A Lebanese dish, also found elsewhere in the Middle East. The main ingredients are: There are several variants on kebbe. The most common of these are the kebbe balls (although they're not called that -- it's just called "kebbe"). These are ellipsoid in shape. Think of a really big egg. The outer shell is made of a combination of mince meat and bourghol. The bourghol lends firmness to the outer shell. Inside, it is stuffed with mince meat fried with pine nuts.

Another variant is kebbe nayya (literally, "raw kebbe") consumed only very rarely. It is exactly as the name suggests: it is basically finely minced raw meat, eaten with a dash of olive oil and little else. It is known for causing massive health problems. It is hardly served in restaurants in the West, if it is, it is in the most Lebanese of Lebanese restaurants: the ones that the Lebanese actually go to, as compared with gentrified ones*.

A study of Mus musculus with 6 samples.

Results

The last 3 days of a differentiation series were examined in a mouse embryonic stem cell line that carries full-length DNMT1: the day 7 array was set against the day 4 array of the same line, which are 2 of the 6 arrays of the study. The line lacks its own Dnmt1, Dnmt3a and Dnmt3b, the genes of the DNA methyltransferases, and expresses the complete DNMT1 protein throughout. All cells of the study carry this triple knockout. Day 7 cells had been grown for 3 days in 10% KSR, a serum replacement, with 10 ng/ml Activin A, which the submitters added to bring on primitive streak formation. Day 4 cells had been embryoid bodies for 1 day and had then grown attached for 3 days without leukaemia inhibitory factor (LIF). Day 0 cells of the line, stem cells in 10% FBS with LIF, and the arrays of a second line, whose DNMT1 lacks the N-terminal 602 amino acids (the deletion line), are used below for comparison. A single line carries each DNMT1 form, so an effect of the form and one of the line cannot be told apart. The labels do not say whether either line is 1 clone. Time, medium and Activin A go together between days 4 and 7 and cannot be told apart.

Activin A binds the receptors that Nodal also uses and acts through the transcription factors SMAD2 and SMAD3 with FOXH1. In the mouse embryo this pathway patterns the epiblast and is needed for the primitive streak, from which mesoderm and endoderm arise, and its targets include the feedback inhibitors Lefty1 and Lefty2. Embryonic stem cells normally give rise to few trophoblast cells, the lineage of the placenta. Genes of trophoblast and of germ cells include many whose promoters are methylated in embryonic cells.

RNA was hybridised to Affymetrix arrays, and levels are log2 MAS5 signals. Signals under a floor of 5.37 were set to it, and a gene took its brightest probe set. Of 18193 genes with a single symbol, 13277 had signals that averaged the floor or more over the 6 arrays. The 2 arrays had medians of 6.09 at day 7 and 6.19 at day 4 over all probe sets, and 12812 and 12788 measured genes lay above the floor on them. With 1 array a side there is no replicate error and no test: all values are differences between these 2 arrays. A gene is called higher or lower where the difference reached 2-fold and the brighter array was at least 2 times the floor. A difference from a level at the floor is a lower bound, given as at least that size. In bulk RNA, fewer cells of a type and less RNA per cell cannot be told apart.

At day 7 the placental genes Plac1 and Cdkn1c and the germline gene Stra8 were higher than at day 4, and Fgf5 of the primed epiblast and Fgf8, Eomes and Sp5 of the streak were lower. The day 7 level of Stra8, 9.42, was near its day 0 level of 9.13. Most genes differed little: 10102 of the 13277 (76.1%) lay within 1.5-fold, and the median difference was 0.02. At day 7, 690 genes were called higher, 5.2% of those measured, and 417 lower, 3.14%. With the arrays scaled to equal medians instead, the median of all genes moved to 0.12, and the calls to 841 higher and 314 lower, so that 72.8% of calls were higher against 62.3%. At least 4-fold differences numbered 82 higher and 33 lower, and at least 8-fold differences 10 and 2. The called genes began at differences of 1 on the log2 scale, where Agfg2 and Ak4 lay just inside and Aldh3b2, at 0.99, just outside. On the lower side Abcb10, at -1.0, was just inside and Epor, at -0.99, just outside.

An Egyptian variant, where kebbe is known as "kubaiba" is very similar to the first variant, except that it is prepared in a deep dish. This is effectively a meat cake: Bottom layer is a mince/bourghol mix, followed by a pre-friedmince/pine nut layer, followed by another mince/bourghol layer. It is the baked in the oven.

*: For example, in Sydney, only yasmeen, a small restaurant in Lakemba (usually known as Little Lebanon) serves it. It's a restaurant. It has tables and little else. The copious Lebanese restaurants near the city, in Surry Hills, that have belly dancers on Friday nights (not something you find in a "real" Lebanese restaurant), and frequented by those who aren't Lebanese, would never serve it.

Log in or register to write something here or to contact authors.